Strategic Notes from FEE—Reaching New Audiences


Dear Friend of FEE,

If we want to grow as a community of freedom-loving people, we need to reach out to people who don’t already share our world-view.  We need to resist the natural temptation to speak in ways that appeal primarily to people like ourselves.

FEE’s seminars are designed for young people who’ve heard little, if anything, about our ideas.  Such students are not hard to find, given the state of education and the media today, but what motivates any of them to give us a listen?

To attract these newcomers, we speak to what they’re emotionally invested in, wherever they’ve gotten to on their own personal journeys.  By definition, they’re not emotionally invested in free-market economics!

Our seminar line-up this summer speaks to themes that resonate with a broad spectrum of thoughtful young people, such as success in the “real world,” economic development, and questions of justice and fairness.  We discuss with them how the principles of freedom apply to these common concerns.

We reach beyond the usual “econ” and “poli sci” majors, because the physical sciences are often home to future entrepreneurs and the humanities to future shapers of popular culture.  We offer programs where students discover how free markets reward creativity and foster innovation in science and the arts.

In short, we exploit the fact that FEE’s “freedom philosophy” isn’t dry-as-dust economics, full of mechanistic models.  At its heart, it’s a philosophy of life, society and culture, of how people flourish.

Within the freedom-loving community, we don’t just take ideas seriously, we take them personally.  If our students can feel a connection between the ideas on liberty that we cherish so deeply and the ideas that THEY take personally, then the FEE seminar can be a truly life-changing experience for them.

As we always have, we teach “the economic, ethical and legal principles of a free society.”  Regardless of its title and its theme, every FEE seminar will address free-market economics, the ethics of capitalism, and principles of law and public choice.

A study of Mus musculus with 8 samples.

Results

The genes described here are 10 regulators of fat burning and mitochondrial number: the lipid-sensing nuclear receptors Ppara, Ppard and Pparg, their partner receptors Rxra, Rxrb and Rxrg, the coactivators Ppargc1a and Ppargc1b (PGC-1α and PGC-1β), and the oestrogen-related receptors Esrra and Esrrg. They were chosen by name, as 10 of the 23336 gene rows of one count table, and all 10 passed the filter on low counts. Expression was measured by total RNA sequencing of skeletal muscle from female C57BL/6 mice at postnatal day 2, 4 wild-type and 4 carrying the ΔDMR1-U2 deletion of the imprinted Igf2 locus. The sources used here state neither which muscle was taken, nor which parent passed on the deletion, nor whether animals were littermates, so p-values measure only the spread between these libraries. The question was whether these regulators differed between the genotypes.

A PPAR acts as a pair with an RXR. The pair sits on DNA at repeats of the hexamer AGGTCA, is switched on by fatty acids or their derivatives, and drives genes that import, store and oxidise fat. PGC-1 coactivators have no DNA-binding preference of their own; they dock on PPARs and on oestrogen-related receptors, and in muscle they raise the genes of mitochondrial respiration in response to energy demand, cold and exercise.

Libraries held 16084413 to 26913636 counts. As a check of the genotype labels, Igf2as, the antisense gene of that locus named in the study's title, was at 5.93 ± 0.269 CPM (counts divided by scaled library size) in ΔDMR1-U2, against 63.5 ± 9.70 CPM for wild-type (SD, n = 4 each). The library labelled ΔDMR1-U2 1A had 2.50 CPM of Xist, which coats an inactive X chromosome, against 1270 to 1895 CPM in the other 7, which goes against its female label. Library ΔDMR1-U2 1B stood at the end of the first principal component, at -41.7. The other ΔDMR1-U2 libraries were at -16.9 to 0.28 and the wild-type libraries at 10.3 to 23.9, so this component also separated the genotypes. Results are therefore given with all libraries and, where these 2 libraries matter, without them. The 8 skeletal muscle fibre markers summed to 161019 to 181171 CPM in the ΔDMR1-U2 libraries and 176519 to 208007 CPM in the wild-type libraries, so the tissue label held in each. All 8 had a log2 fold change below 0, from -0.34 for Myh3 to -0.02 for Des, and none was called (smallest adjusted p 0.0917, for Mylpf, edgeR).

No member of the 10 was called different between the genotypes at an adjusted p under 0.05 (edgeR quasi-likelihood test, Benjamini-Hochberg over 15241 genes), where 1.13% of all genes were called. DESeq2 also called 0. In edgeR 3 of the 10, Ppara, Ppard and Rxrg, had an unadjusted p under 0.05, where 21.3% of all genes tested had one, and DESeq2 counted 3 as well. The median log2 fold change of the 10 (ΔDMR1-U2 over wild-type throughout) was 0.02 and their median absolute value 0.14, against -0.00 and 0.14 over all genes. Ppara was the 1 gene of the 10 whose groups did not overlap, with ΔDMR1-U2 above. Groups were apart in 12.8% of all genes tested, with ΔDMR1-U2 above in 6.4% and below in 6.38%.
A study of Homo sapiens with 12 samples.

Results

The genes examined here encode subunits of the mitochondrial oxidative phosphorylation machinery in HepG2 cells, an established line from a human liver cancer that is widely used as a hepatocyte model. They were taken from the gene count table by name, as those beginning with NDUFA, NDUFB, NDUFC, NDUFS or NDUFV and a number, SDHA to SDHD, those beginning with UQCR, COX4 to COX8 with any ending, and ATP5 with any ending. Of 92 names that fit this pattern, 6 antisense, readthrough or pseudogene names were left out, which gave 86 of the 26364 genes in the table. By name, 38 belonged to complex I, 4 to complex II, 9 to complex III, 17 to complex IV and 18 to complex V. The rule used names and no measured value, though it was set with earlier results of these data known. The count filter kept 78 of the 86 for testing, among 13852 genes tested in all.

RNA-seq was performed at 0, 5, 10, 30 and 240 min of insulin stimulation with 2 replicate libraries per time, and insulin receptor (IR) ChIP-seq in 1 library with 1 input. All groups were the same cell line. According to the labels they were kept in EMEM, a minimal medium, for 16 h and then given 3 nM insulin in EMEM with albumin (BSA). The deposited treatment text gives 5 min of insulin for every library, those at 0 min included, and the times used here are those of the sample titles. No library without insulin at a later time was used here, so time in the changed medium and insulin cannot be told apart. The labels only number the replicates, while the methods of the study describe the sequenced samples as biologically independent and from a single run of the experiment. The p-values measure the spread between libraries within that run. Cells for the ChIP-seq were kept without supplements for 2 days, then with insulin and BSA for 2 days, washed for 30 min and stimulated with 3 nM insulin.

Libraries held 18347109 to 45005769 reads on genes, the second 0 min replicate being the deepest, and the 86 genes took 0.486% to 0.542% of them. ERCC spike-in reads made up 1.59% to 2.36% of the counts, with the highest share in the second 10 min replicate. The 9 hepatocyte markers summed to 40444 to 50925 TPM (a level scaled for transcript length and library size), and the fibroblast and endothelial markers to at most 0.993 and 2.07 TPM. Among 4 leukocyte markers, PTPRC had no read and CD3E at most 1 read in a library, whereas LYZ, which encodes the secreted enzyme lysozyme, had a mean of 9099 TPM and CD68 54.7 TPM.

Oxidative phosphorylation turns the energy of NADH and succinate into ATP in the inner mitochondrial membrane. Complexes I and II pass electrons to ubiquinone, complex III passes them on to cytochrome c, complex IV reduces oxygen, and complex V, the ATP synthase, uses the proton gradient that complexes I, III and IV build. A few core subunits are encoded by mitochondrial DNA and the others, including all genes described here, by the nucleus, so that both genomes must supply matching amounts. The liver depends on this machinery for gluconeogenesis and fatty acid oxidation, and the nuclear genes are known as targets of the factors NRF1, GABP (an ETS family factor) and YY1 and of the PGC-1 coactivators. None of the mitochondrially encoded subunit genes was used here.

However, we don’t assume that our students arrive on our doorstep eager to study the works of Frederick Hayek.  Instead, we focus on helping our students to take a fresh look at the world they’re passionate about, through the lens of free-market principles.  THEN they can’t get enough of Hayek.  They ask us, “Why hasn’t anyone ever told me this before?”  Music to our ears.

Questions or comments?  I’d love to hear from you at


Wayne Olson

Executive Director



Wayne is FEE's Executive Director.



The United States' corporate tax burden is the highest in the world, but innovators will always find a way to duck away from Uncle Sam's reach. Doug Bandow explains how those with the means are renouncing their citizenship in increasing numbers, while J. Dayne Girard describes the innovative use of freeports to shield wealth from the myriad taxes and duties imposed on it as it moves around the world. Of course the politicians brand all of these people unpatriotic, hoping you won't think too hard about the difference between the usual crony-capitalist suspects and the global creative elite that have done so much to improve our lives. In a special tech section, Joseph Diedrich, Thomas Bogle, and Matthew McCaffrey look at various ways these innovators add value to our lives--even in ways they probably never expected.